Business

Bridging India’s Glaring Gender Gap


In Namibia, 44% of the national assembly seats are held by women. Since 2014, the Government has conducted annual workshops to support the performance of women parliamentarians and has organised effective mass media campaigns to eliminate harmful cultural practices and reduce gender-based violence.

In 2000, Nicaragua changed its electoral laws and mandated 50% women candidates on the electoral lists of all parties participating in the National Assembly elections. Nicaragua’s vice-president and more than half of cabinet positions are occupied by women.

In June 2022, EU lawmakers passed a landmark deal for gender equality, mandating that women have at least 40% of seats on corporate boards by mid-2026. National authorities have been empowered with strict enforcement of the directive. Ursula von der Leyen, the European Commission president, said: “It is high time we break the glass ceiling. There are plenty of women qualified for top jobs: they should be able to get them.”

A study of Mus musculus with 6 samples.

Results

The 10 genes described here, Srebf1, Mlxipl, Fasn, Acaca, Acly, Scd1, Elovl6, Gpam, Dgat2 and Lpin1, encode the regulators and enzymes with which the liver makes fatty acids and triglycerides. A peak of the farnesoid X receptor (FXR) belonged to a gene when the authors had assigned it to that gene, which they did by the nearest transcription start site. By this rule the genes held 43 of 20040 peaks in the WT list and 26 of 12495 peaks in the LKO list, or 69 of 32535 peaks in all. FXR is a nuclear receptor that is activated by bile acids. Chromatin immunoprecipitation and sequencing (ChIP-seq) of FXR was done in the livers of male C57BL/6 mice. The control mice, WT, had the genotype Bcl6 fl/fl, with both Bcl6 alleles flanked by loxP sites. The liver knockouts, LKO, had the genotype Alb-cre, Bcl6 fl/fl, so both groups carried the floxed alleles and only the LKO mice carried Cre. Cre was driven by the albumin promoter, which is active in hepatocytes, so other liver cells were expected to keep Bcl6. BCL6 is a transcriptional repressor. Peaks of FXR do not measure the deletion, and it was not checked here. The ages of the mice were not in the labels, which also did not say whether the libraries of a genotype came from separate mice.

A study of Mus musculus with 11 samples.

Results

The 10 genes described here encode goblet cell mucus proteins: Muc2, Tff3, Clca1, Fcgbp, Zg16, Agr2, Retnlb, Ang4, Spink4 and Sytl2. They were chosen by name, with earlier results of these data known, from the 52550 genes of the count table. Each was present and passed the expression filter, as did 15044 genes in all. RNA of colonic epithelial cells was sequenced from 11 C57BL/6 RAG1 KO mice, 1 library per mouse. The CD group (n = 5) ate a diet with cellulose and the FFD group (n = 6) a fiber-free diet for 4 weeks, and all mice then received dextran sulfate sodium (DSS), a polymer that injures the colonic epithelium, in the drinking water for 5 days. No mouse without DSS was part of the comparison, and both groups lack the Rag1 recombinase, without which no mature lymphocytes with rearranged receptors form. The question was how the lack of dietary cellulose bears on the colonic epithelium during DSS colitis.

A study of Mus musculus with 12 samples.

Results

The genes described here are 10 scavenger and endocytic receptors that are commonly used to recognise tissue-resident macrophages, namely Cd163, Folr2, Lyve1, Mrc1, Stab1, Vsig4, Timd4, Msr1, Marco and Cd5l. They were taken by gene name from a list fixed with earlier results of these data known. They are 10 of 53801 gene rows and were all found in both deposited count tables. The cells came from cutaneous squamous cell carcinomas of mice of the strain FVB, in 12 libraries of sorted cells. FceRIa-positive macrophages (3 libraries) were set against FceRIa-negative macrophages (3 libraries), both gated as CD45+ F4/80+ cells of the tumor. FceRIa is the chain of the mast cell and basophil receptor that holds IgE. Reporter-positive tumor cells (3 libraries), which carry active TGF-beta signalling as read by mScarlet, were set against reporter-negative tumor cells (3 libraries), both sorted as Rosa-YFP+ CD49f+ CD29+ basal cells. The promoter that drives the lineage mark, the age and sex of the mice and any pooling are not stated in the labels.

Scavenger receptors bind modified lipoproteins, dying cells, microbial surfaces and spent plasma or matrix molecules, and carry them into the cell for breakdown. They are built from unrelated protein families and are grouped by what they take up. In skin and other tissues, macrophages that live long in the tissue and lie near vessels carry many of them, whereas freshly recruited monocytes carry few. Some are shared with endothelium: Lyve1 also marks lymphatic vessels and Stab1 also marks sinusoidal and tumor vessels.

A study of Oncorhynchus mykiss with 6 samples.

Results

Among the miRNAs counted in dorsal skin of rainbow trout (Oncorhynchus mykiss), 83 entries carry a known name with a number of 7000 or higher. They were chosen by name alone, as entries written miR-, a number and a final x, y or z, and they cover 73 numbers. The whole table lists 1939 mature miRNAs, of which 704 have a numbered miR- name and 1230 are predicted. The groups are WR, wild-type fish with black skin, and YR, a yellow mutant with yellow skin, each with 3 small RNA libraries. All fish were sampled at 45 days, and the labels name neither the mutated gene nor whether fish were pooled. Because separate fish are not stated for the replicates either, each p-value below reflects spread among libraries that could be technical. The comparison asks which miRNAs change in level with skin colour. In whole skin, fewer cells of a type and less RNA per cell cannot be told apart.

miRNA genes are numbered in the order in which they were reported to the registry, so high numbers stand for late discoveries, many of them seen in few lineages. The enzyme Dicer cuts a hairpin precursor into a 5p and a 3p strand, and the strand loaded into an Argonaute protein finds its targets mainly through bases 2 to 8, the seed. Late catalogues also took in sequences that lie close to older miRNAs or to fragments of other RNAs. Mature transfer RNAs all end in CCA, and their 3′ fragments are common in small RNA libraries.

In India, the 1993 Amendment to the Indian Constitution mandating 33% of panchayat seats to women, accelerated the entry of women into grassroots level governance. Currently, women hold 45% of panchayat seats. Several research studies have highlighted the marked difference in the nature of decisions made by women-led panchayats.

They used their power to prioritize issues like drinking water supply, installation of pumps, construction of toilets, village wells and roads, the appointment of teachers, and closing of liquor shops. In 1997, President Murmu was elected as councillor of the Rairanpur Nagar panchayat as an independent candidate from a reserved seat for women. From the grassroots levels, she steadily rose up the ranks to be the Governor of Jharkhand and is now the President of India.

However, her story is the exception. The percentage of women drops significantly from the panchayat levels to the upper echelons of government.